Investing in fossil fuel infrastructure and fighting climate change at the same time is not an efficient way of using EU tax money. Exacerbating social inequalities through the provision of roughly 80% of the agricultural subsidies to about 20% of the farmers, and then promoting social inclusion in rural areas through rural development funding is another prime example of taxes from European citizens supporting short viewed and contradictory policies.
In 2015 the EU adopted the 2030 Agenda for Sustainable Development, which should provide a coherent framework to tackle those incoherencies. Therefore, SDG Watch Europe calls for sustainability proofing the future EU budget in its People’s Budget campaign based on an indivisible set of sustainability principles.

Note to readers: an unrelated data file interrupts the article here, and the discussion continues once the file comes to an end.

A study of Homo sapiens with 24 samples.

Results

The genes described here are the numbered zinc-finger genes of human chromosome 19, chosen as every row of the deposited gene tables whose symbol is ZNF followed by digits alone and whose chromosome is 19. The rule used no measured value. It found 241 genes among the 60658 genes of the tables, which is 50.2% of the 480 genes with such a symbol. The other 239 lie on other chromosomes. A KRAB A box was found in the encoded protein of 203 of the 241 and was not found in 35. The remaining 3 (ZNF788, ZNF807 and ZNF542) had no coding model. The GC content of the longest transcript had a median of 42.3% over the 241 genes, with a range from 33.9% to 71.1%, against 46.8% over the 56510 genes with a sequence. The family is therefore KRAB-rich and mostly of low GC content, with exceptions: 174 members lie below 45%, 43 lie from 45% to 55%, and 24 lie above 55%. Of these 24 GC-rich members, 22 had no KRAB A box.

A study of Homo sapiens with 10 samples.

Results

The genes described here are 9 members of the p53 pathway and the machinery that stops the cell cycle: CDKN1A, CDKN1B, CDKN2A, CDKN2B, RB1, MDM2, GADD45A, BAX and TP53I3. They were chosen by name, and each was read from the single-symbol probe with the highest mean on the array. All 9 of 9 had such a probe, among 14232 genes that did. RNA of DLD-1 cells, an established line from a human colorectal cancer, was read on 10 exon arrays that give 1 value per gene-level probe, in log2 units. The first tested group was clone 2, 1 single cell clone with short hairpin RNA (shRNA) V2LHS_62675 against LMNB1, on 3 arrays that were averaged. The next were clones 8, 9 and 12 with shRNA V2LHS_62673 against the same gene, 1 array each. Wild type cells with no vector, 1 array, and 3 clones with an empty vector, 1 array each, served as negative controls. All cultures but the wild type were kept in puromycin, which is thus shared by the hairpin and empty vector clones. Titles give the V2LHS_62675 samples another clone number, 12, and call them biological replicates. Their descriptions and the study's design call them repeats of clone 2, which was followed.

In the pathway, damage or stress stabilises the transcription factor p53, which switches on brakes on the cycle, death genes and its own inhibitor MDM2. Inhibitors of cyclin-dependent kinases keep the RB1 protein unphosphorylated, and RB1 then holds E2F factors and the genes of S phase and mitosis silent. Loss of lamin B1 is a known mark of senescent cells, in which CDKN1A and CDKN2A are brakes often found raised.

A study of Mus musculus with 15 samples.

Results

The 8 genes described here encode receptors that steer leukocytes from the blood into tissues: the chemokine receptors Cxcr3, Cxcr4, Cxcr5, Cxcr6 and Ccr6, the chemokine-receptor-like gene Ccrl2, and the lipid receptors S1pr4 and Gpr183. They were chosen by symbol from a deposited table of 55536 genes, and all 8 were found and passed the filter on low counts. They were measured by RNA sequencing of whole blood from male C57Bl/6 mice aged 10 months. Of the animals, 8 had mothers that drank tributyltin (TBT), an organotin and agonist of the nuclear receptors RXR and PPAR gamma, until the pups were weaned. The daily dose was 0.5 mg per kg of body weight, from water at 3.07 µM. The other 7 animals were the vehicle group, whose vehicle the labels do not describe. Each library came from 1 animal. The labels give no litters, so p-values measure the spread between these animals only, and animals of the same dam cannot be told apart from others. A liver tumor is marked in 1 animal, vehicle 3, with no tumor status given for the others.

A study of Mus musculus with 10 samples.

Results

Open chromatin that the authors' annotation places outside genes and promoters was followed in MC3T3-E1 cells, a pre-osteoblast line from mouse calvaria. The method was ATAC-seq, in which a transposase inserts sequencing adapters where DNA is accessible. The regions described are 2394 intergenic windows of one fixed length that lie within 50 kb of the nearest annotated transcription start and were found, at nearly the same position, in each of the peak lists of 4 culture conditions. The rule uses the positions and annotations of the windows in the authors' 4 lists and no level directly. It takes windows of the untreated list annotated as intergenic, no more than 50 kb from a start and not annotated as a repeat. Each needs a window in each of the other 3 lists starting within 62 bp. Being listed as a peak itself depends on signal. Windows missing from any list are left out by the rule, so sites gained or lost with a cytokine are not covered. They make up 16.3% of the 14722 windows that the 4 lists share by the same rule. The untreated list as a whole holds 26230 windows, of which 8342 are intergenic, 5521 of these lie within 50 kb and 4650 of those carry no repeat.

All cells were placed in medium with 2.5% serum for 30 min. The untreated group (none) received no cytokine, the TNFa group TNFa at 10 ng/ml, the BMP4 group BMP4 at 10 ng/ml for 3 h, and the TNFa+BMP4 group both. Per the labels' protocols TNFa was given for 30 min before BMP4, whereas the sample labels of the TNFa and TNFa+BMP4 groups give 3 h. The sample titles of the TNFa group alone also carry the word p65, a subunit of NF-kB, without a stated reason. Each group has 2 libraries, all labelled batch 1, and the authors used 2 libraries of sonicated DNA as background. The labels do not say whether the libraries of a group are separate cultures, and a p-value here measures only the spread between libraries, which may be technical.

Further inconsistencies range from disregarding health impacts of tobacco and red meat production subsidies to forgetting the social inclusion aspects of energy efficiency investments. Also the narrow focus on measuring added value in the EU through generating economic growth is flawed and disregards the Treaty objective about sustainable development in three dimensions. We want to see new and fresh approaches in defining the EU’s added value, where all dimensions of sustainability are taken into account. We want to see a future budget that measures performance against progress towards sustainability and incentivises the implementation of the SDGs by Member States.
We call for European and national decision makers to involve civil society on the basis of the partnership principle into the full negotiation process and implementation, in order to improve the transparency of the EU budget. We call for increased accountability of the beneficiaries, for instance through innovative digital solutions accessible to each European citizen. Of course there are many other possible solutions to mainstream sustainability and the SDGs into EU spending and lending, and SDG Watch Europe is elaborating suggestions on how to best use them.